Estimating the rooftop PV potential of a large-scale geographical region


In many studies, scientists have determined methods of obtaining of Building-Integrated Photovoltaic (BIPV) potential as a function of the available roof area. However, the roof area is typically left as a variable, as there is no direct roof area data available in most regions of the world. Various modelling techniques can determine available roof area for a sample consisting of a few buildings, or perhaps a university campus. However, to estimate BIPV potential for a large region, these techniques are too labour-intensive. It is thought, however, that this information can be approximated on a large scale using data on urban area, building and population density, in combination with analysis of air photos or satellite images of urban regions.


This has been completed by Izquierdo, Rodrigues and Fueyo at the University of Zaragoza and LITEC in Spain (article available below). The purpose of this research is to attempt to customize their methodology to be applied to the South Eastern Region of Ontario, Canada. Visual Learning Systems's Feature Analyst GIS extension will be used.


This work is being done in conjunction with the Queen's Institute for Energy and Environment Policy.


[edit] Quantifying rooftop solar photovoltaic potential for regional renewable energy policy

Source: L.K. Wiginton, H. T. Nguyen, J.M. Pearce, “Quantifying Solar Photovoltaic Potential on a Large Scale for Renewable Energy Regional Policy”, Computers, Environment and Urban Systems 34, (2010) pp. 345-357. open access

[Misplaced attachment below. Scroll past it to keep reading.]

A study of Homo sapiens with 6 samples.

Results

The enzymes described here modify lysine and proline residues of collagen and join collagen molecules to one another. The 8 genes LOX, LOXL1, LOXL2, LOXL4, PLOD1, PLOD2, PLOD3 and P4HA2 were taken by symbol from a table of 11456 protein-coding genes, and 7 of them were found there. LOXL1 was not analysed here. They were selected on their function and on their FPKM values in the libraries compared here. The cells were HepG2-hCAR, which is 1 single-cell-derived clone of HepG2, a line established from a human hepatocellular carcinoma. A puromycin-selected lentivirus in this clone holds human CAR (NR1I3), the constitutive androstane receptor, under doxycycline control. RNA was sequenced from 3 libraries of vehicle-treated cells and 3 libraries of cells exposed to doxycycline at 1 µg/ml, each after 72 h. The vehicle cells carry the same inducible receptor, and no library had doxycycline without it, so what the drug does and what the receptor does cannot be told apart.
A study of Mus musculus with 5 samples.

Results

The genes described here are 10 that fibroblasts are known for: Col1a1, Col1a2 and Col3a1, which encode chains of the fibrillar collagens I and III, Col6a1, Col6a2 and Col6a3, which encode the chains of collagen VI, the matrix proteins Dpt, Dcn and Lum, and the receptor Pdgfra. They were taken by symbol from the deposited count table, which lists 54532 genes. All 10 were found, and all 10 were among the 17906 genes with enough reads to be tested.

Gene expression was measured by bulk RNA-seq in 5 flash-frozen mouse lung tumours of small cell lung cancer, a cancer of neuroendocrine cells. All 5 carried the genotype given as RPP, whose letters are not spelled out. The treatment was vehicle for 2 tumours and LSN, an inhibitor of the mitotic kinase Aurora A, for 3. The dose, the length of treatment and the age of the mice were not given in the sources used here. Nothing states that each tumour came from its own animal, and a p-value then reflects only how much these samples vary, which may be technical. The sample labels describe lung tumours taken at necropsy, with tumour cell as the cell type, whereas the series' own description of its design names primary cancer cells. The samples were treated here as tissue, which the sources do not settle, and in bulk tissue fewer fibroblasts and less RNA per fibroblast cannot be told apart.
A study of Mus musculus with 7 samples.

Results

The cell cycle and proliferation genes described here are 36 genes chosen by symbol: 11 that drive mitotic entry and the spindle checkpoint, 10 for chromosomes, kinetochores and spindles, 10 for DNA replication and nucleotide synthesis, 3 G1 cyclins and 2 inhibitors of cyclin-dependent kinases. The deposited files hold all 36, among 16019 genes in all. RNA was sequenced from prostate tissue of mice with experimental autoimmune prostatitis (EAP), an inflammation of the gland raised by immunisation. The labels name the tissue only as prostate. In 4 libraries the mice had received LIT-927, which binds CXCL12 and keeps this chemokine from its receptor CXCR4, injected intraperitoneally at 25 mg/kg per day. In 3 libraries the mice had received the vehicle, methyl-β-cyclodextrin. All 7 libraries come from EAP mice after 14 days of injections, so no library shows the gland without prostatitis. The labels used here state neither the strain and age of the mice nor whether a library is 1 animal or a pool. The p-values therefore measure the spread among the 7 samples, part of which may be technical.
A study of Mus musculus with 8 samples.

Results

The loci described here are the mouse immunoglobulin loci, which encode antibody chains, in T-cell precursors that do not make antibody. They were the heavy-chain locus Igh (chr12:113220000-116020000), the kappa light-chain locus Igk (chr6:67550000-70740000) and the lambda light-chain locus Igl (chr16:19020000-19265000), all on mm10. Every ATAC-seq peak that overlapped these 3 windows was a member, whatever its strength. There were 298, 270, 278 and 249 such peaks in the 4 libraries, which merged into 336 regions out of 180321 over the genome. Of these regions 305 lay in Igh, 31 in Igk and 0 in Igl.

Abstract Solar photovoltaic (PV) technology has matured to become a technically viable large-scale source of sustainable energy. Understanding the rooftop PV potential is critical for utility planning, accommodating grid capacity, deploying financing schemes and formulating future adaptive energy policies. This paper demonstrates techniques to merge the capabilities of geographic information systems and object-specific image recognition to determine the available rooftop area for PV deployment in an example large-scale region in south eastern Ontario. A five-step procedure has been developed for estimating total rooftop PV potential which involves geographical division of the region; sampling using the Feature Analyst extraction software; extrapolation using roof area-population relationships; reduction for shading, other uses and orientation; and conversion to power and energy outputs. Limitations faced in terms of the capabilities of the software and determining the appropriate fraction of roof area available are discussed. Because this aspect of the analysis uses an integral approach, PV potential will not be georeferenced, but rather presented as an agglomerate value for use in regional policy making. A relationship across the region was found between total roof area and population of 70.0 m2/capita ± 6.2%. With appropriate roof tops covered with commercial solar cells, the potential PV peak power output from the region considered is 5.74 GW (157% of the region’s peak power demands) and the potential annual energy production is 6909 GWh (5% of Ontario’s total annual demand). This suggests that 30% of Ontario’s energy demand can be met with province-wide rooftop PV deployment. This new understanding of roof area distribution and potential PV outputs will guide energy policy formulation in Ontario and will inform future research in solar PV deployment and its geographical potential.